Implied Volatility Function: Returns the annualized volatility of an underlying security implied by the market price of a European call or put option on that security, based on Black-Scholes valuation.

For each Excel Function that calculates an Option Greek or other Options statistic, there are certain parameters required as shown in the formula(s) above. Not all functions use all parameters. Here is a description of each parameter:

- OptionType: "C" or "P"
- UnadjustedPrice: Current price of the underlying Stock.
- StrikePrice: Strike Price (aka Excercise Price).
- StartDate: Usually the current Date and Time. You can use the "Now()" Function in Excel to provide this or enter a Date and Time.
- EndDate: Expiration Date and Time.
- OptionPremium: Current Option price.
- RiskFreeRate: Annualized risk-free rate of interest corresponding a period roughly equal to the remaining life of the option, expressed in continuous compounding terms (see ContCompRate function). Leave empty for 0.
- DividendYield: The annualized dividend yield of the underlying security, expressed in continuous compounding terms (see ContCompRate function). Leave empty for 0.
- WeekdaysOnlyMode: 0 or omitted = OFF; 1 = ON.
- Precision: The acceptable error for the function's result. By default this function will return a correct value ±0.1% (±0.001). Since the function iterates to return its value, setting a higher value will speed up execution. The lower the Value, the more precise your result will be. Example: If the actual implied volatility is 20%, setting "Precision" to .005 will cause the function to return a value between 19.95% and 20.05%.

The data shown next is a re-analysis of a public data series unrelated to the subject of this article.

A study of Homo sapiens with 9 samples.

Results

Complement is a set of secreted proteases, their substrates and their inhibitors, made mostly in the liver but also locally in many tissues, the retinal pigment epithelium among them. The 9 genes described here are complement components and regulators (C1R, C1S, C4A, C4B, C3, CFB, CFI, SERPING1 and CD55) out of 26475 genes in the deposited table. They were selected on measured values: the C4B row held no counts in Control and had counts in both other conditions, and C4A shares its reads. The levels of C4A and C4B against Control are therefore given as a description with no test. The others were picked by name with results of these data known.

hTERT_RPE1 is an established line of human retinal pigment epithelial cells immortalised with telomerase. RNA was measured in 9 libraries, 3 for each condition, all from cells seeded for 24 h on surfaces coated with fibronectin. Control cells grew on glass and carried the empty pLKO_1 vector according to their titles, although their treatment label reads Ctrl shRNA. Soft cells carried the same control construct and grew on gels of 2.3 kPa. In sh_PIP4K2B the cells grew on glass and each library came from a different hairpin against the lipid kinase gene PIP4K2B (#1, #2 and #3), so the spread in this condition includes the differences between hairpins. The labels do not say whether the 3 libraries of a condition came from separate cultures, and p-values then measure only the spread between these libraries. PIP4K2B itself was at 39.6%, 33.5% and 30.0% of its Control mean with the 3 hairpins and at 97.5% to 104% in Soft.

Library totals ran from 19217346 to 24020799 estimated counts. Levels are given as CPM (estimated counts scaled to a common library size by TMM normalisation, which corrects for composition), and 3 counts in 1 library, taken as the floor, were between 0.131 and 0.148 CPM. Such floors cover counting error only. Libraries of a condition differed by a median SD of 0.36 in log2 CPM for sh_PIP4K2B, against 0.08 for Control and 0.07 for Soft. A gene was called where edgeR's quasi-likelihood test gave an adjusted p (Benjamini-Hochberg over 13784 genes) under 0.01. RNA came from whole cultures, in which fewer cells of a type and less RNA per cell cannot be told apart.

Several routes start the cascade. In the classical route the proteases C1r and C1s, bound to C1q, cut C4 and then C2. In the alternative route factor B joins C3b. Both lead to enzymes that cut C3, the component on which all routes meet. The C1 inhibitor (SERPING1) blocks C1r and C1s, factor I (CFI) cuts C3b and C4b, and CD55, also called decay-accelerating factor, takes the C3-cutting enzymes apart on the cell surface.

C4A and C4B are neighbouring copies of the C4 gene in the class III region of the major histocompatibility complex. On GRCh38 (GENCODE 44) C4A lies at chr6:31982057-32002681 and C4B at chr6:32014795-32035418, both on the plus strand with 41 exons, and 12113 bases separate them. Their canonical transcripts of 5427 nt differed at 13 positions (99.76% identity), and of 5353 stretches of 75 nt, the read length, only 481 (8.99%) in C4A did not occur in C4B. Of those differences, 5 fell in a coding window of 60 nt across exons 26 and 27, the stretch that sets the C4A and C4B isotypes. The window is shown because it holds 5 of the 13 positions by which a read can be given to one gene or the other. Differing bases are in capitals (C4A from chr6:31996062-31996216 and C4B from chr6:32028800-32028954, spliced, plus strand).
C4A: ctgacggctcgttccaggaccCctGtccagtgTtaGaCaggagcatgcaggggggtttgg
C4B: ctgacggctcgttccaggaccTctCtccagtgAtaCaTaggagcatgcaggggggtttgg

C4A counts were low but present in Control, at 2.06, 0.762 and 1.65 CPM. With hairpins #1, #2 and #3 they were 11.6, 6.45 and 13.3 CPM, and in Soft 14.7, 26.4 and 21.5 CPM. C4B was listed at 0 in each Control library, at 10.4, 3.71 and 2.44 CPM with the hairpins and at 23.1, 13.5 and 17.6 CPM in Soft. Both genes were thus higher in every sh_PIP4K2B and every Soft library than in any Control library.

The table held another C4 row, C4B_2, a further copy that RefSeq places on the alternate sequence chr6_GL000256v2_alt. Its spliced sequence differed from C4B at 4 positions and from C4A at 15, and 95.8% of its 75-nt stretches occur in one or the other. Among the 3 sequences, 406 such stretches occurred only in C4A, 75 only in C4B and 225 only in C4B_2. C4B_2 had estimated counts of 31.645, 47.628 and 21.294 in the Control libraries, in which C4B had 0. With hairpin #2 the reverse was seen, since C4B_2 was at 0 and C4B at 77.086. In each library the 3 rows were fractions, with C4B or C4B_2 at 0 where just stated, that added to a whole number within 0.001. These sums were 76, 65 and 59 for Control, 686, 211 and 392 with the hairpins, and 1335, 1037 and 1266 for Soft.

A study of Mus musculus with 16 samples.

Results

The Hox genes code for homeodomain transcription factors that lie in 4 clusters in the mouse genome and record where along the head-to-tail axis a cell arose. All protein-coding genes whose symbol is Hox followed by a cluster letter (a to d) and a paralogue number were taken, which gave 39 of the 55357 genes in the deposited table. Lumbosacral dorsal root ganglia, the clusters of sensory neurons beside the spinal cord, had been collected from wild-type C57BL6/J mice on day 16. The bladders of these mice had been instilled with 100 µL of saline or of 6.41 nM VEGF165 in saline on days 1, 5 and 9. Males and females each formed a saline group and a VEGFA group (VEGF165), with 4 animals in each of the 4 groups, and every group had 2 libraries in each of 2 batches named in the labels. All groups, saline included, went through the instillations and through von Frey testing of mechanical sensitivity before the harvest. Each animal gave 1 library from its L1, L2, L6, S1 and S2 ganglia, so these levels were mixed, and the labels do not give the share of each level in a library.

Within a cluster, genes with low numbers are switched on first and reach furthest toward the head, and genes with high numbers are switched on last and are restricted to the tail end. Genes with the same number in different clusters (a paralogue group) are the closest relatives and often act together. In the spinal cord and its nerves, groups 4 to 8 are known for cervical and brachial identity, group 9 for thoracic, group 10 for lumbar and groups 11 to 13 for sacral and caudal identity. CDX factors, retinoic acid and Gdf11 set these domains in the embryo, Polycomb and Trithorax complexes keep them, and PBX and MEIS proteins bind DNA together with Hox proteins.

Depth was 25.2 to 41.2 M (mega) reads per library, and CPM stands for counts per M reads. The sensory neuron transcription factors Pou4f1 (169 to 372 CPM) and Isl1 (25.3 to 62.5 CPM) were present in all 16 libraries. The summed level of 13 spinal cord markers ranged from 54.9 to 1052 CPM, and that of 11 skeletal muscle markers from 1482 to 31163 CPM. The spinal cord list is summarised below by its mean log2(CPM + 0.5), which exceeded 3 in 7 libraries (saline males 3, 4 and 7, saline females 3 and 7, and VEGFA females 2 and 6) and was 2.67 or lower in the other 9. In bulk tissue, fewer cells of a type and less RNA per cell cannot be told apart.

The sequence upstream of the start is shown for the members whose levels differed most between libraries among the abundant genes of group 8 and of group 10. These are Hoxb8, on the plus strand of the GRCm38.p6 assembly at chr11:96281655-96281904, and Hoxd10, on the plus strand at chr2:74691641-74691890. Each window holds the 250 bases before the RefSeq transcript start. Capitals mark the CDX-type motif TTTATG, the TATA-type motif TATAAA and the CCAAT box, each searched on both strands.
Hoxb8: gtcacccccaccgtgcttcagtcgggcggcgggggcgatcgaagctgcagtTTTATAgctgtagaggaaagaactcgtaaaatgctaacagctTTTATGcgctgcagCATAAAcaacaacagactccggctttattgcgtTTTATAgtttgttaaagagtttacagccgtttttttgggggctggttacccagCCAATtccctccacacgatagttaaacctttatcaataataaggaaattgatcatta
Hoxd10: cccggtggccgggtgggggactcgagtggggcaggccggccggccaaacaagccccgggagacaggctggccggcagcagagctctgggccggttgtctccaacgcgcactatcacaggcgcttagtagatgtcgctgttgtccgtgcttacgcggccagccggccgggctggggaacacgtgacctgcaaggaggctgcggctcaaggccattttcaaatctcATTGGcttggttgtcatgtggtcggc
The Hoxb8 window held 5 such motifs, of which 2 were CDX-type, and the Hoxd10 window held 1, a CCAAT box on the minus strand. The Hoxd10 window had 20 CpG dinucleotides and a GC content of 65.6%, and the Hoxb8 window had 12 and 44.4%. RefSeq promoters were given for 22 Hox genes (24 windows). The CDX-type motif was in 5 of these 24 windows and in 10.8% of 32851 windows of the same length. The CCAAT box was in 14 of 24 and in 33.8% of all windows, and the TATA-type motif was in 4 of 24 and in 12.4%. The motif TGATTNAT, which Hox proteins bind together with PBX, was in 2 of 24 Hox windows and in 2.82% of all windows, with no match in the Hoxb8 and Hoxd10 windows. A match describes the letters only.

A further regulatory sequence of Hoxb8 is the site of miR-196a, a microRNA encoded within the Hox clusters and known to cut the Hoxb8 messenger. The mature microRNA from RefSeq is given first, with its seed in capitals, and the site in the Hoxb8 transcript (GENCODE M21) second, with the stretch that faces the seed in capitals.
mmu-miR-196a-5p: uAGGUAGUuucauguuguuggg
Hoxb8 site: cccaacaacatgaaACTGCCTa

WeekdaysOnlyMode: Whethere to include or not include weekends and holidays in your Implied Volatility calculation is a personal preference. Generally, markets are closed on weekends and holidays and some say for this reason, WeekdaysOnlyMode should be set to "ON" thereby calculating an Implied Volatility based on roughly a 252 Day Trading year. Personally, I prefer if off because it's a more accurate representation of a true year and because those that are short options over a weekend still get paid which means the market is really never closed!

StartDate and EndDate: These are not affected based on how WeekDaysOnly Mode is set. Using actual Calendar dates and times when entering the StartDate and EndDate values is the most accurate way to go.

European vs American call options have the same theoretical value. However American Puts are more difficult to value than European Puts. Most professionals agree that the Black-Scholes model provides a reasonably accurate estimation of value.